Lake Mogilnoye
© St. Petersburg State University press service

Lake Mogilnoye animal world shrinks over two-fold in 100 years

Scientists from St. Petersburg State University have teamed up with their colleagues from Murmansk and Moscow to complete a monitoring survey that assesses the seawater Lake Mogilnoye on Kildin Island in the Barents Sea for the first time in 100 years. Earlier, the lake was known to contain marine and freshwater microorganisms. But the latest research suggests that the lake's freshwater layer has disappeared completely and taken many inhabitants with it. About 90 animal species were recorded there in the early 20th century, and now their number has shrunk almost two-fold.

The small 17-hectare lake which is about 16 meters deep consisted of three layers: including the freshwater surface layer, the intermediate seawater layer and the bottom layer containing the so-called "dead" hydrogen sulfide water with no oxygen. Therefore only certain types of bacteria can survive there. For many years, Lake Mogilnoye was considered to be the only anchialine lake with underground seawater-freshwater exchange patterns. According to experts, powerful high tides squeezed seawater inside the lake via soft ores at a depth of five to eight meters. Although researchers eventually discovered similar lakes in Croatia and Indonesia, Lake Mogilnoye remains the only such lake in the Arctic region.

"If we measure the amount of scientific knowledge about a body of water by the number of pages of scientific publications dealing with it (per one cubic meter of water), then Lake Mogilnoye is, doubtless, the best-studied seawater body in Russia, if not the entire world. But these achievements did not help us predict changes in the lake's eco-system over the past few years," Pyotr Strelkov, Ph. D. (Biology), an assistant professor with St. Petersburg State University, noted.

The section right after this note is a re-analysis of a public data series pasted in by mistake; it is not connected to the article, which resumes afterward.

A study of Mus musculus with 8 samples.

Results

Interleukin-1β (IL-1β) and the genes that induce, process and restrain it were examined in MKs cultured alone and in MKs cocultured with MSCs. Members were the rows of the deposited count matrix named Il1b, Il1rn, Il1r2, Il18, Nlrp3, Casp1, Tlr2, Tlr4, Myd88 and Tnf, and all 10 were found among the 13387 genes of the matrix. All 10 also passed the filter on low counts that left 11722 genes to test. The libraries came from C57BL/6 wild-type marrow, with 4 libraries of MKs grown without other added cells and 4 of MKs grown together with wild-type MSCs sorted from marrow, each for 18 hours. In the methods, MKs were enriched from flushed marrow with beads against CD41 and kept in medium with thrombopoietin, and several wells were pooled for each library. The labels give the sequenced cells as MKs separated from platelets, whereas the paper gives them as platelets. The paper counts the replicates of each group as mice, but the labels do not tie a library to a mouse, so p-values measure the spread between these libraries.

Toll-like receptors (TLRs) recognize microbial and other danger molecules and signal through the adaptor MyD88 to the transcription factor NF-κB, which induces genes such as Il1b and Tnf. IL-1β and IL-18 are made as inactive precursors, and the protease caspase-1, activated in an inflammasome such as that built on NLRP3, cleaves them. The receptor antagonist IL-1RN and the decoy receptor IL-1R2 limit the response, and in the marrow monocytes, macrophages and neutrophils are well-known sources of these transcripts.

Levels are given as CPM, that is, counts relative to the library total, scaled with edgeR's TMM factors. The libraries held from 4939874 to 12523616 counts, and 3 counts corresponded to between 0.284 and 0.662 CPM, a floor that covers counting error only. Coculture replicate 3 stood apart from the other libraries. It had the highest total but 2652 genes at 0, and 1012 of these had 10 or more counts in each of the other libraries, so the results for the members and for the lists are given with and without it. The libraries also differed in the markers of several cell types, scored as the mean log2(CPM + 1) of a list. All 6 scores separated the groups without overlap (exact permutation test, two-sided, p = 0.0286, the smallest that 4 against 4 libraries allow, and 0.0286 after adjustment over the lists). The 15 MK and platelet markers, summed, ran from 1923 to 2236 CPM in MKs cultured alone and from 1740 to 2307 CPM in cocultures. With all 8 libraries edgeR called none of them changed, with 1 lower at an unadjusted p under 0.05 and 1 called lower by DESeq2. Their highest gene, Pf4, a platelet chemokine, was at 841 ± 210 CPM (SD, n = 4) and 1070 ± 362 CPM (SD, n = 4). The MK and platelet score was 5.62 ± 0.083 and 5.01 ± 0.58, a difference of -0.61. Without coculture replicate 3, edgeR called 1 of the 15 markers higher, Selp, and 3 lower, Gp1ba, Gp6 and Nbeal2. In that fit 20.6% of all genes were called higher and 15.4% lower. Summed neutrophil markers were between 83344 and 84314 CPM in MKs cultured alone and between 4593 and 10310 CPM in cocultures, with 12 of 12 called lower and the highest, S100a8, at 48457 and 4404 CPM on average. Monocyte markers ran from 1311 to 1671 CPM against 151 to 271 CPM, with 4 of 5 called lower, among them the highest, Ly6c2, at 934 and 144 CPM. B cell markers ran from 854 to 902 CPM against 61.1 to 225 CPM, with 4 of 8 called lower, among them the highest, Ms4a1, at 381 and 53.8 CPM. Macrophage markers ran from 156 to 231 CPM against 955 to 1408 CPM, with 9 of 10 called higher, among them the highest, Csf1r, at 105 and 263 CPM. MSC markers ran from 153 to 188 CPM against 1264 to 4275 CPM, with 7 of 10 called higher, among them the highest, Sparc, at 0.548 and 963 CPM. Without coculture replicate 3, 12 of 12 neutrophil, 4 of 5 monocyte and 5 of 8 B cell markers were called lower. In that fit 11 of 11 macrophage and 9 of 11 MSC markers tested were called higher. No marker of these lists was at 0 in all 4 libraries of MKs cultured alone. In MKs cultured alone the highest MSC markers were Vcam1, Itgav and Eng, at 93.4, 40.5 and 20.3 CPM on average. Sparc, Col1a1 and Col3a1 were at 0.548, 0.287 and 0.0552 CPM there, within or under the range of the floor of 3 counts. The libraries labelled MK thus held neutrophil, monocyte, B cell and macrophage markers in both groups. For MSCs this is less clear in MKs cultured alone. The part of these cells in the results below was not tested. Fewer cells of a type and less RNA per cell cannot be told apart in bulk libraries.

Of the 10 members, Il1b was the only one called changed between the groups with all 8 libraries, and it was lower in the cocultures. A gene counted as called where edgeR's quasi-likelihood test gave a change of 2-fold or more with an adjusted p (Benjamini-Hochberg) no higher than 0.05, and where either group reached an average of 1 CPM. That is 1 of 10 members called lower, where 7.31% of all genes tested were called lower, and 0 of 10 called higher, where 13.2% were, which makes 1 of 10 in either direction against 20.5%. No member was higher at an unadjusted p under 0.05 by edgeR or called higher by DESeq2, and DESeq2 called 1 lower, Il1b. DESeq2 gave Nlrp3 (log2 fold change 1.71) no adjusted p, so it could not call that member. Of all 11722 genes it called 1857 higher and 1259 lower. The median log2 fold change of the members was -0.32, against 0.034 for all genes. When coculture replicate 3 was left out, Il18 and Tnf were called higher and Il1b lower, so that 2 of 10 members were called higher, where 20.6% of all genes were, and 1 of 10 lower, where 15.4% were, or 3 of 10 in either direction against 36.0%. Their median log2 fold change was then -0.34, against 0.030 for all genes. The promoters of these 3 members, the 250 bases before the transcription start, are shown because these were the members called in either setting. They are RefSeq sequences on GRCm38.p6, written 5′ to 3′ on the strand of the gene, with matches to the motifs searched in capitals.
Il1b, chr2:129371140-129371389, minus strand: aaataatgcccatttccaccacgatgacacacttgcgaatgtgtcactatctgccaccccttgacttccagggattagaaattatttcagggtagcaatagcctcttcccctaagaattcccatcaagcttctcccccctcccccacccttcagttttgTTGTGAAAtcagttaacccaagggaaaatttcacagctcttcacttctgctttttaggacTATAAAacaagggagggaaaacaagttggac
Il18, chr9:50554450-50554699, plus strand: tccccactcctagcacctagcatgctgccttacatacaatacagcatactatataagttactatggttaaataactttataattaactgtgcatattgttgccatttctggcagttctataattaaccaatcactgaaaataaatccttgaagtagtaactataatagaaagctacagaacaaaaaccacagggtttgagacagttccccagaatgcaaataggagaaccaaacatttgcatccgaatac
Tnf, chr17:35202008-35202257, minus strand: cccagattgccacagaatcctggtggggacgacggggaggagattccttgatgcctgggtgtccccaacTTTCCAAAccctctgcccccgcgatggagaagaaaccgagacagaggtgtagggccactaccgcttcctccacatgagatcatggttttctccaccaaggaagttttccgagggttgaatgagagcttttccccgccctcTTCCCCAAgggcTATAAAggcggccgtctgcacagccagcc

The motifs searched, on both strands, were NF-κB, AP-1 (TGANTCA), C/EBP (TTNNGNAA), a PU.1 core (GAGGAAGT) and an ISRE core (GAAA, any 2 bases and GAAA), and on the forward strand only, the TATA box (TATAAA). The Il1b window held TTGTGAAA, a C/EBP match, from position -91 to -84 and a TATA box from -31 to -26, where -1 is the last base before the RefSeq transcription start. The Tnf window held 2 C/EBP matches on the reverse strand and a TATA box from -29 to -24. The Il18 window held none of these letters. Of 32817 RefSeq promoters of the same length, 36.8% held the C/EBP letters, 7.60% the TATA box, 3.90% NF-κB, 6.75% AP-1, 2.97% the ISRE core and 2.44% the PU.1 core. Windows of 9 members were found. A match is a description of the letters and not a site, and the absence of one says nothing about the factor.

Although experts have been studying the lake for the past 130 years, scary the alarming changes were not posted until the early 21st century. In 2003-2007, the University's hydro-biologists and zoologists noted that the lake's freshwater layer had diminished. And the 2015-2018 data showed that the process was accelerating: The upper layer has disappeared completely and only reappears during the warm season when the lake is filled with molten water.

"We have witnessed unexpected and alarming changes in the lake," Strelkov explained. "The bottom-level hydrogen sulfide water level has expanded by two meters and filled one-third of the lake's volume. And the upper freshwater layer first thinned and later disappeared completely. Changes in the lake's water layers have influenced the distribution of its biological communities and their composition. Over a period of the past 15 years, everything has changed much quicker than during earlier observations in the past 120 years," he added.

In 2007, the upper layer's salinity levels totaled about three grams of salts per liter of water, and they have now reached eight grams, Strelkov noted. Researchers are at a loss to explain the situation. In their opinion, these changes are not man-made because no one lives on Kildin Island. However, negative consequences can be the result of global warming which is obviously affected by the anthropogenic factor.

Higher temperatures in the region of the Barents Sea are not compensated for by all-out precipitation. Consequently, the lake receives more salt water, and its water layers tend to change. The hydrogen sulfide layer spreads higher and higher because of the less pronounced vertical water-density levels. It is hardly possible to stop this process, but researchers note that they should not stop studying Lake Mogilnoye.

"In the future, the world's oceans will have their own hydrogen sulfide or hypoxic zones," Strelkov explained. "Oxygen takes longer to dissolve in warm water due to climate change. Besides, many organic substances seep into the ocean because of industrial pollution. Large amounts of precious gas are spent on oxidizing this water, and ‘dead' zones appear down below. The Black and Baltic seas already have these zones, and the same process is beginning to take place in the world's oceans. So far, we don't know how a shortage of oxygen will impact the underwater animal and plant kingdoms or fishing volumes. Lake Mogilnoye serves as an improvised aquarium for watching and studying these changes," he added.